This is a common question among many taxpayers.

The fact of the matter is there is really nothing that can be done to avoid being selected for an audit.  However, there are a number of things that can be done to reduce the risk of being audited.

A few items that encourage an IRS Audit are as follows:

  • Tax deductions that appear to be substantial compared to income.
    1. They may be legitimate but you will likely receive a request to provide proof of the deduction
    2. Large medical deductions could be the cause of a review as well
  • All numbers are rounded off
    1. If all of your deductions end in zero (i.e., 100, 500, 300), it’s a good indication that there are no receipts to confirm the amount reported
    2. Indicates exaggerated figures or poor record keeping
  • Repeated Schedule “ C” losses
    1. Schedule “C” losses 3 out of 5 years will generally be reviewed to determine if there is actually a legitimate business versus a hobby
    2. Schedule “C” losses reduce your overall tax liability as opposed to hobby income in which the expense is only deductible up to the amount of hobby income reported
  • Large cash contributions
    1. Contributions that seem excessive when compared to income reported
    2. Request for documentation may be received. Note: “Cash contributions” should be paid via check as opposed to cash for proper documentation should you face an audit.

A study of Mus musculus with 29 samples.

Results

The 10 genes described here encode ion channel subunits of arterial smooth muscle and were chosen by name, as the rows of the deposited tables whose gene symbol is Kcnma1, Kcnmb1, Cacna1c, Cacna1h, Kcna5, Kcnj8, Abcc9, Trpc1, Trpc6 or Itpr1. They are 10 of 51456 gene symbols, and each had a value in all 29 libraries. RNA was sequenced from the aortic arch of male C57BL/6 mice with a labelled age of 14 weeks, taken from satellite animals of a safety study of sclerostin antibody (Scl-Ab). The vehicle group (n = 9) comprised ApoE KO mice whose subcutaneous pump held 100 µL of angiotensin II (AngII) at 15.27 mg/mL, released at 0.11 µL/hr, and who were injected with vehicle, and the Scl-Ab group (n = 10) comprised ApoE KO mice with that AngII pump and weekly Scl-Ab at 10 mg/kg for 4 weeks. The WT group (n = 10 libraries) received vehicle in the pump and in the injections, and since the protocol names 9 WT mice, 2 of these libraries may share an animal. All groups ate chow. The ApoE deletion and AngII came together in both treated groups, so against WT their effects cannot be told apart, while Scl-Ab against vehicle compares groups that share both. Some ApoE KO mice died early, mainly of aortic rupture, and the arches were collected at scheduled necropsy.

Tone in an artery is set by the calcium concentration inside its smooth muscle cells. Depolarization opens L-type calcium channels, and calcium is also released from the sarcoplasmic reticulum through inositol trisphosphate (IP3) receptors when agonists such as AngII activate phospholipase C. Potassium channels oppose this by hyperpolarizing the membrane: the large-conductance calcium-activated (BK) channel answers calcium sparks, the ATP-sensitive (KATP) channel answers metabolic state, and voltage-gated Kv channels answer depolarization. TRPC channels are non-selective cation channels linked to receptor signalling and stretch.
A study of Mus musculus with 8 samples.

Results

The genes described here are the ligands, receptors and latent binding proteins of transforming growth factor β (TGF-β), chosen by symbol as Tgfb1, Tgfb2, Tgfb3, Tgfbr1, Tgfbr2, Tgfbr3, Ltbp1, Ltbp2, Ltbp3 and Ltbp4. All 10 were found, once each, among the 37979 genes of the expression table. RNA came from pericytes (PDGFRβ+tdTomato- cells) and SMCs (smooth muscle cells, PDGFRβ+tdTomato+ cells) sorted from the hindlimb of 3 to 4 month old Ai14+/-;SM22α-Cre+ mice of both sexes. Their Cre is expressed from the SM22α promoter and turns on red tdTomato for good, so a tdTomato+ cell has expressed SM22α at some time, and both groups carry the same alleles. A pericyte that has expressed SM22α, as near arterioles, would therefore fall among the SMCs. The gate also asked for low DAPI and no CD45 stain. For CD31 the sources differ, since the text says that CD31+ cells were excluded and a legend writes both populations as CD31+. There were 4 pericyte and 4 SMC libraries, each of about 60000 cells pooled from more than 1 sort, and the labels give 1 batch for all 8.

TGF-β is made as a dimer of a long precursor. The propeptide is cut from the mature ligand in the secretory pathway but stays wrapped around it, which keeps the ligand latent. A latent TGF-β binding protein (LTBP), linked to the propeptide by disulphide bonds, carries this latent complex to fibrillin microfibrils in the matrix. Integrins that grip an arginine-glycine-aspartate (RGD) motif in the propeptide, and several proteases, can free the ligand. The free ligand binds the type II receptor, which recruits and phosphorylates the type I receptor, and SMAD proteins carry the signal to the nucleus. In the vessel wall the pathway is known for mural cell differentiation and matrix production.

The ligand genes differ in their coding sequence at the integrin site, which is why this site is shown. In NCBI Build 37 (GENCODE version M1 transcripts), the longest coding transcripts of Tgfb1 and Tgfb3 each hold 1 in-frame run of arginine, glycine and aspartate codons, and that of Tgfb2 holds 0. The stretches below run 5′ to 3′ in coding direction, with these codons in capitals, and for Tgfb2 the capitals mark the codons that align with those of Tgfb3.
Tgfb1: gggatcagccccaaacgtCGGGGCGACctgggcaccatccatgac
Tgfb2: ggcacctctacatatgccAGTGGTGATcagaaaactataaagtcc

• An occupation in which cash are tips are normally received such as waiter, barber, hair stylist, etc.
    1. A review of these accounts would require documentation of cost of services rendered as well as amount of tips received.
    2. Unreported tips could cause an estimate of tips received and a re-calculation of the liability due

There are a number of “do it yourself” software programs available.  However, with the number of changes to the tax law annually, I would suggest having an experienced tax preparer file your return.  An experienced preparer will save you money in the long run – either with the reduced liability or the savings on the penalties due to returns filed in error.

Please take heed to the information shared in this blog post as a tool to help improve the way you handle your personal and business dealings; perhaps they will aid you in reducing the risk of being audited.

By Wanda Watson-Brown, Premier Business Solutions (www.premiersmallbusiness.com)

Please feel free to leave a comment.  You can e-mail me at christineroebuck@livemylifedebtfree.com.